It has been a little over eighteen months since Donald J. Trump was inaugurated, and in that time, we’ve gotten used to several aspects of his presidency.
We’re well aware that he is politically inexperienced and unconventional. Many view these as positives. We’ve also noticed an incredible (almost constant) proclivity toward the immature and irresponsible. These traits were more than evident out on the campaign trail.
Of the tools at his disposal, President Trump seems to prefer Twitter most of all. It’s a quick way to leave a mark and “own the Libs.” It ignites his base. It’s a comfortable pulpit for a man who thrives on the sarcastic and shocking. From there, the president can sound off about the “fake news” media, the ongoing National Anthem controversy, the impressive accomplishments of tubby North Korean dictators, and all the ways his administration is supposedly making America great again.
Almost every day, there’s at least one new, eye-roll-inducing tweet that emanates from the @realdonaldtrump account. His supporters lap it up. His detractors recoil in disgust. Rinse, repeat. This melodrama has become standard.
So, should we care about President Trump’s tweets? Should we take them seriously? The answer is a resounding yes.
However, a recurring debate centers around whether we should take the president’s tweets literally. Often, his uncritical supporters will chide those of us who dare question their leader and say, “Don’t look at the words, look at the actions!” Rhetoric is not behavior, they say. Tweets are not policy, they say. Move away from the harmless rants and look at what he does, they say. Right?
The problem isn’t whether Trump’s words on a social media platform become real life. We know by now not to assume either way. The problem is that his behavior is a reflection of who he is as a man. They speak to the core of his person. And that is truly concerning.
Despite what President Trump says, the media is not the enemy of the American people. Yes, there is bias (at Fox News, too!), but we have real enemies, especially murderous thugs like Kim Jong-un and Vladimir Putin, who deserve the moniker. Also, despite what President Trump says, just because NFL players refuse to stand for the National Anthem does not mean they should maybe leave the country. We should not applaud when he insults others, such as NBA star LeBron James’ intelligence or Mika Brzezinski’s appearance.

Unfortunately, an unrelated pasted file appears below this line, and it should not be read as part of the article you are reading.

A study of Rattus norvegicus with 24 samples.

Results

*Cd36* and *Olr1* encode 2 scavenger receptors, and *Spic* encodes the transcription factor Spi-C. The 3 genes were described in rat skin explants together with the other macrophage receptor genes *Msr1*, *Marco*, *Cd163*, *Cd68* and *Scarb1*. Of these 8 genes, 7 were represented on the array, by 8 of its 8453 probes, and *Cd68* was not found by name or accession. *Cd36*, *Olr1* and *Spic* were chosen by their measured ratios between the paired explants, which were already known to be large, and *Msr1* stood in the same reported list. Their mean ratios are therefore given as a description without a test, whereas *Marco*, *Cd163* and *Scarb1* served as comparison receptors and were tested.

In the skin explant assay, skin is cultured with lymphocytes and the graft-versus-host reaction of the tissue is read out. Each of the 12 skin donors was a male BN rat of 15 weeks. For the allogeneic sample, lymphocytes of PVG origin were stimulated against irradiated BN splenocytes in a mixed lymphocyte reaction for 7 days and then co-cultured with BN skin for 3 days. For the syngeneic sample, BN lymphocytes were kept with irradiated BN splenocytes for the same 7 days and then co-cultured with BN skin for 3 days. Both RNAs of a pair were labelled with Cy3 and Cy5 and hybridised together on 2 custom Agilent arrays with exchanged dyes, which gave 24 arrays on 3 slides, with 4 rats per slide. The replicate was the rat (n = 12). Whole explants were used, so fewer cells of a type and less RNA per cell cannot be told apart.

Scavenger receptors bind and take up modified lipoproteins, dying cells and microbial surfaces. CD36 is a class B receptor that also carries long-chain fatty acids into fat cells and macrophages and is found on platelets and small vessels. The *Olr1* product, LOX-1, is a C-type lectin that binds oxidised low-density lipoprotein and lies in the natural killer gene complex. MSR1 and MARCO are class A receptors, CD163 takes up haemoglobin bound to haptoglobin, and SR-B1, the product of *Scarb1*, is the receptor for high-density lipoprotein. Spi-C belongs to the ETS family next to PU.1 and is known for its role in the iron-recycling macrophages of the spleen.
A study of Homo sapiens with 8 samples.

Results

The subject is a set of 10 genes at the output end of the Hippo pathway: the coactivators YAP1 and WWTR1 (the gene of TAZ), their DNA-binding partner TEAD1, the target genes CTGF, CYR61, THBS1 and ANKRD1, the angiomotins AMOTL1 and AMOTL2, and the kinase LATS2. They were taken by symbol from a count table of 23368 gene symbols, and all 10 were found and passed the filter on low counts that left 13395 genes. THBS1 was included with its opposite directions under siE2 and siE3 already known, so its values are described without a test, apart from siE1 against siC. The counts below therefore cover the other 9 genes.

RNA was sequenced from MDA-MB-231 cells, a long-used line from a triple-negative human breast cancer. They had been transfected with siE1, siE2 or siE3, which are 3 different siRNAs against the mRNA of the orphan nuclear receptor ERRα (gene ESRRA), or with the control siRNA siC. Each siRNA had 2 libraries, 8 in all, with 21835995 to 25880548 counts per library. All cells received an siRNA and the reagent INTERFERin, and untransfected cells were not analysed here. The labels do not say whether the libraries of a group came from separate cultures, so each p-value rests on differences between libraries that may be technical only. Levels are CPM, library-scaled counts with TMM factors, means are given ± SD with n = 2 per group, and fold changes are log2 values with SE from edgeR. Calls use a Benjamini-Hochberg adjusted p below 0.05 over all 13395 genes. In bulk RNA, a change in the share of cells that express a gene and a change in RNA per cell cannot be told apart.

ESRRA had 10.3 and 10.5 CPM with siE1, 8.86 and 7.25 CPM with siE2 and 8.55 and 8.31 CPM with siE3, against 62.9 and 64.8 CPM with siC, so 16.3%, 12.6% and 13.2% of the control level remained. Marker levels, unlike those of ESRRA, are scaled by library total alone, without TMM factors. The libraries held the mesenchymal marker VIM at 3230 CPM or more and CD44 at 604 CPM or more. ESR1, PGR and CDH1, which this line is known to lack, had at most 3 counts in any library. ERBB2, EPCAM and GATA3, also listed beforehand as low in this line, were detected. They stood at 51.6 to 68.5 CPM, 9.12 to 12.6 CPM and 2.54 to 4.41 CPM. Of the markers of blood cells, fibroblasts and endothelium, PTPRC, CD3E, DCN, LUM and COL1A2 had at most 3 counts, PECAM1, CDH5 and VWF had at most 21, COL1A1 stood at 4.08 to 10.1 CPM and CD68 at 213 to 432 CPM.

This constant stream of juvenile behavior is not fitting for the office he holds and his station as the ultimate representative of our nation. Period.
Unfortunately, some former primary opponents, who have already caved to a man who insulted their spouse, see it in quite a different way.
US Sen @tedcruz says some Republicans are “clowning themselves” in their overreacting to Trump tweets or comment of the day. Says he refuses to let media drag him into those discussions. #ResurgentGathering
— Jeremy Wallace (@JeremySWallace) August 4, 2018
Now, imagine the tables were turned. It’s not if, it’s when the GOP will be the minority party in D.C. At that time, the Right will again apply the standards they had for previous, Left-leaning presidents. Conveniently, though, the same benchmarks that Republicans so desperately cling to have magically seemed to disappear during this Trump Era.
While I don’t think we should make Donald Trump’s tweets the top priority of everyday discussion, we should make note of them. We should absolutely condemn them as needed. He should not get a pass just because of the (R) next to his name, but I know that’s asking a lot of a Republican electorate filled with many foolish people who voted him in just because he’s entertaining.
I doubt that in the remainder of his time at the White House that Donald Trump will change the way in which he communicates online. After all, it helped to get him this far. No matter what he says (or does), he’s adored by millions.
If you’re one of the many who congratulates him on every tweet no matter how much it further degrades the office or reveals the rotten character of the man himself, then you’re part of the problem.